N.J. plans to buy camp to help bay
Purchase of the Boy Scout site is to prevent development around Barnegat Bay. A critic urged much more action.
TRENTON - The state will spend $1 million to buy a Boy Scout camp near Barnegat Bay to prevent development there and to help protect one of the nation's most ecologically fragile waterways from the pollution that development would bring.
On the first anniversary of its 10-point plan to improve the health of the struggling bay, the state Department of Environmental Protection announced Thursday that its Green Acres program would buy the development rights to the 436-acre Joseph A. Citta camp from the scouts.
"Gov. Christie and I have made an unprecedented commitment to the restoration of Barnegat Bay, an ecological treasure that is vital to New Jersey residents and the state's tourism economy," said DEP Commissioner Robert Martin. "The preservation of this camp is just one of the administration's many accomplishments over the past year in implementing this important plan."
The Barnegat Bay plan includes closing the Oyster Creek nuclear plant in 2019, implementing the nation's toughest limits on the amount of pollution-causing nitrogen that fertilizer can contain, and providing low-interest loans to local governments for water-quality-improvement projects. The nuclear plant's hot-water discharges are suspected of increasing algae blooms and hurting water quality in the bay.
Jeff Tittel, director of the New Jersey Sierra Club, said the state needed to do a lot more to truly help save the bay.
"One year after the governor announced his plan for Barnegat Bay, we have seen conditions in the bay get worse while the governor weakens protections for the bay," Tittel said. "He has done news conference after news conference, and we have seen rollback after rollback. This is about green cover while implementing policies that undermine protections for the bay and create more sprawl."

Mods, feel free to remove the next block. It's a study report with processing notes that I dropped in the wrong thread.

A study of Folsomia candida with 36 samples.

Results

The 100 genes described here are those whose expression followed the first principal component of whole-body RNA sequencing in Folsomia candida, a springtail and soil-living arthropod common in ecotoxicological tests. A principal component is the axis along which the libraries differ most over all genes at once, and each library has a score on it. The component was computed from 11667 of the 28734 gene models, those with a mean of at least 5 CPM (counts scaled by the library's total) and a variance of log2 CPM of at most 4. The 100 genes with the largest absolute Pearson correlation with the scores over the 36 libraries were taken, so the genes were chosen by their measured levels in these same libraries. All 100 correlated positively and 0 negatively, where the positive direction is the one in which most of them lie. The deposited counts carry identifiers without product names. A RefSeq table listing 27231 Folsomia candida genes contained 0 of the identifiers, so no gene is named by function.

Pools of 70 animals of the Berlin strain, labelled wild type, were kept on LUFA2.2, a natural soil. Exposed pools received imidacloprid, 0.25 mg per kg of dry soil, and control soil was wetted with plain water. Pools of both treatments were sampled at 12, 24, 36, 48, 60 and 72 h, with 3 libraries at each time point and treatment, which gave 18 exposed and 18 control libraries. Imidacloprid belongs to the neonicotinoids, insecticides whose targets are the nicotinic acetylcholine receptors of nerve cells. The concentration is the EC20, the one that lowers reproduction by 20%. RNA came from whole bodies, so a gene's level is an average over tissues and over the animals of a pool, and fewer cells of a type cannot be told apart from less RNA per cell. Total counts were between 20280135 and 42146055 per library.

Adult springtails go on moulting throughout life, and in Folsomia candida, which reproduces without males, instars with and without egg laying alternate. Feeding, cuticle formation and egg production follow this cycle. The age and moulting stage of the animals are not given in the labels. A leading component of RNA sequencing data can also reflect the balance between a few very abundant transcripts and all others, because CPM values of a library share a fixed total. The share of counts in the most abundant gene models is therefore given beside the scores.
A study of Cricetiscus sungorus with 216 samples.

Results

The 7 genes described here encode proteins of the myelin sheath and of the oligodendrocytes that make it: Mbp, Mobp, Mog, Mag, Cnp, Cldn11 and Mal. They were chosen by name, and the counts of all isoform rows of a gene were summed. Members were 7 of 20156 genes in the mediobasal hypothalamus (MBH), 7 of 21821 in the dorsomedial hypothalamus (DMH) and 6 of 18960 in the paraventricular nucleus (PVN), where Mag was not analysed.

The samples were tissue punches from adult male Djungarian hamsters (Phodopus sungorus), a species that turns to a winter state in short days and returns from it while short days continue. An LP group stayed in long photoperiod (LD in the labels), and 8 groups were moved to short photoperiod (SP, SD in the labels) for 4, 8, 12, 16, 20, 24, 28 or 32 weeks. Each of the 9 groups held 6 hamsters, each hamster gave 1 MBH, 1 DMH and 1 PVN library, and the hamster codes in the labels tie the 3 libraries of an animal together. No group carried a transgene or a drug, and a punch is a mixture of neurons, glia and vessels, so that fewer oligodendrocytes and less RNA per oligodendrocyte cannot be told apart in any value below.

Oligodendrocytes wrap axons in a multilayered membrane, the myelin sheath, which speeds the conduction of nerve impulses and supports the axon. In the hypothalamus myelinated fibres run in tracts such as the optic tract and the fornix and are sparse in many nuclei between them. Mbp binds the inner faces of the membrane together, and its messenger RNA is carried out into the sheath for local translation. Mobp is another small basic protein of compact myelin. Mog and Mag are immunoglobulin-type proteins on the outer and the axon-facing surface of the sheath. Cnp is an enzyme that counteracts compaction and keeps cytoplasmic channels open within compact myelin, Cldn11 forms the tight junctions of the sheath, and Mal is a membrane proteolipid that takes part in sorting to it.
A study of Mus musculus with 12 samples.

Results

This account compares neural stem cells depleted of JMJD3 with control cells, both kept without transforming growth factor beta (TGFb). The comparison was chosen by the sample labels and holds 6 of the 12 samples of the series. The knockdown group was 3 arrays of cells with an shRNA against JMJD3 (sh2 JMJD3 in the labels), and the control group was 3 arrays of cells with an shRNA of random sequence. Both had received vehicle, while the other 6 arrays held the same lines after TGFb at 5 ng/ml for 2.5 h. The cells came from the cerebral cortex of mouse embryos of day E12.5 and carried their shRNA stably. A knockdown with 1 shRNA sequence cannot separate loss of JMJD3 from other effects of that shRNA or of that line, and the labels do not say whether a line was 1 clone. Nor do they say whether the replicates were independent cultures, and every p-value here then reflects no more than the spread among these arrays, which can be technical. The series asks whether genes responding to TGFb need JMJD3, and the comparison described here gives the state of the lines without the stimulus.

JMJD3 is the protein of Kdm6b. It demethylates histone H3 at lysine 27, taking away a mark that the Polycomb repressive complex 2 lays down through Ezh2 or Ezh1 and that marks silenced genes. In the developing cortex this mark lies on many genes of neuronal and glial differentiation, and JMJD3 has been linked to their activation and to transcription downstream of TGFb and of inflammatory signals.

A bill making its way through the Legislature would make it easier for developers to build near Barnegat Bay and other waterways by keeping in place maps that show where sewer connections can be made. The bill would keep the current rules in place for up to two years and prohibit counties from preserving land by removing it from the approved sewer zones.
Tittel said Barnegat Bay has continued to deteriorate because of nutrient pollution from too much nitrogen and phosphorus pollution. The bay continues to suffer invasions by jellyfish and algae blooms from nutrient pollution. Jellyfish closed several beaches, and pollution closed clam beds, Tittel said, and the loss of eel grass and other ecological indicators show things are getting worse.
Part of the administration's Barnegat Bay plan includes studies with leading research organizations, including Rutgers University and the New Jersey Sea Grant Consortium, to fill in critical research gaps, provide baseline data, and assist the department in making policy decisions about steps to restore the bay. These include studies of pollution-nutrient indicators, fish and crabs, algae blooms, the increase in the occurrence of jellyfish, shellfish declines, and the benefits of wetlands in reducing the effect of nutrients.
More than 3,500 water-sample bottles have been sent to laboratories for analyses, and more than 3,000 field measurements have been taken.